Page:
Climate change is finally becoming an issue of political salience, especially with young voters. Policy proposals like the Green New Deal have galvanized those worried for the future of the planet/environment. The political energy for a new environmental movement is afoot, but now comes the difficult work of sorting through just what that movement looks like. Obviously that’s a hugely complex question, with a lot of moving parts and distinct goals wrapped up in it, but at the end of the day, one thing is clear, fighting climate change means fighting the pro-corporate status quo.
Simply put, capitalism and fighting climate change are antithetical to one another. At least until we can assure current modes of production are carbon neutral, or incredibly close to it. Getting to that point is a hurdle of research and development capitalism likely isn’t capable of, but massive government expenditure, ala the New Deal, World War II, or the Moon Shot, certainly is.
After said expenditure occurs and a greener system is created, capitalist modes of production and accumulation may not prove as problematic as they seem given today’s status quo. That said, see paragraph two, there is a fundamental disconnect in our current economy that makes creating that status quo nearly impossible, but definitely impossible in the time frame we need. To put it simply, there is too much money on the line to fight climate change and that won’t change until it’s too late.
Which is why if Americans are serious about fighting climate change, there is only one candidate for the job. Only Bernie Sanders has shown himself capable of fighting that fight. And the fight to decouple profit and corporate interests from the destruction of the planet will not be a fight easily won. Likewise, it won’t be a fight patched over with “compromise” or “finding common ground,” this is an existential threat, on one side are those who have willingly and knowingly profited off it for decades, on the other is the rest of the planet.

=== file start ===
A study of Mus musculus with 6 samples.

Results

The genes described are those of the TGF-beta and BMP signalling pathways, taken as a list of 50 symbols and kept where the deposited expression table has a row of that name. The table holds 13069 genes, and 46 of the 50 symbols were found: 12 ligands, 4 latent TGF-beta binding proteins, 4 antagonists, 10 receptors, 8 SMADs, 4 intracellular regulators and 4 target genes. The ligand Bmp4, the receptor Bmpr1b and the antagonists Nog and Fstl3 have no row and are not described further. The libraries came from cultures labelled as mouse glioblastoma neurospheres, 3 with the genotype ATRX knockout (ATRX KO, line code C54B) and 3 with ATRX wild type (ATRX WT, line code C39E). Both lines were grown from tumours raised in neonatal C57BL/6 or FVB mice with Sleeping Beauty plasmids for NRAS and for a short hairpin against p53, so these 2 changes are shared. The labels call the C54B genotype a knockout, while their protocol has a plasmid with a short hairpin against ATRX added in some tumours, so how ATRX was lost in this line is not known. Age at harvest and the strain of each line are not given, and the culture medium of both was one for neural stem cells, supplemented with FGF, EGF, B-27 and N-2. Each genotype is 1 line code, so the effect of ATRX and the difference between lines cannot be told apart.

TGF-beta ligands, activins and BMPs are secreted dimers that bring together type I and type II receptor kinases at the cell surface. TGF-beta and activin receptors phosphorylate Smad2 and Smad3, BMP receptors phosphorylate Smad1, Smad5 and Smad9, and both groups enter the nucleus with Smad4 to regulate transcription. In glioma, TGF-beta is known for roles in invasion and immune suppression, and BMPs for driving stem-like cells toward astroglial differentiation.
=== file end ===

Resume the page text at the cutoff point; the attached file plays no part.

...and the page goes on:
It’s the most high stakes hostage situation imaginable and frankly Bernie Sanders is the only capable crisis negotiator. When push comes to shove, the true fight is one of profiteers against the planet. And Bernie Sanders is the only candidate who despises said profiteers to the degree necessary to stomach that fight. We’re talking trillions of dollars against all those with a stake in stopping climate change (everyone and everything.) “Everything and the kitchen sink” is probably a gross overstatement of the campaign that will be waged against Bernie if he gets the opportunity to fight that fight.
However, that’s the thing, and here’s the kicker, in the same way Trump’s “trigger the libs” antagonism fires up his base, even in fights where it seems as though he should lose, Bernie’s political brand has a similar appeal. When corporate interests attack Bernie Sanders, for better or for worse, it confirms everything he’s told his supporters. Both that these are relentless blood suckers bent on putting profit above all else and also that his brand of antagonistic politics is the only way to fight back.
Most members of the Democratic Party establishment are so wrapped up in the status quo they can’t actually combat it. They’re also so dependent on the interests therein, they can’t actually combat them. Bernie Sanders has staked his career on being so outside the norm he can’t possibly be wrapped up in the status quo, but also fighting the very interests which relentlessly helped create these systems alongside many Democrats.
This dynamic is at work in all sorts of policy arenas, but obviously in the case of climate change the stakes are the highest. Which is why people need to support a candidate who can actually buck the status quo, which many Democrats can not, because they helped create it.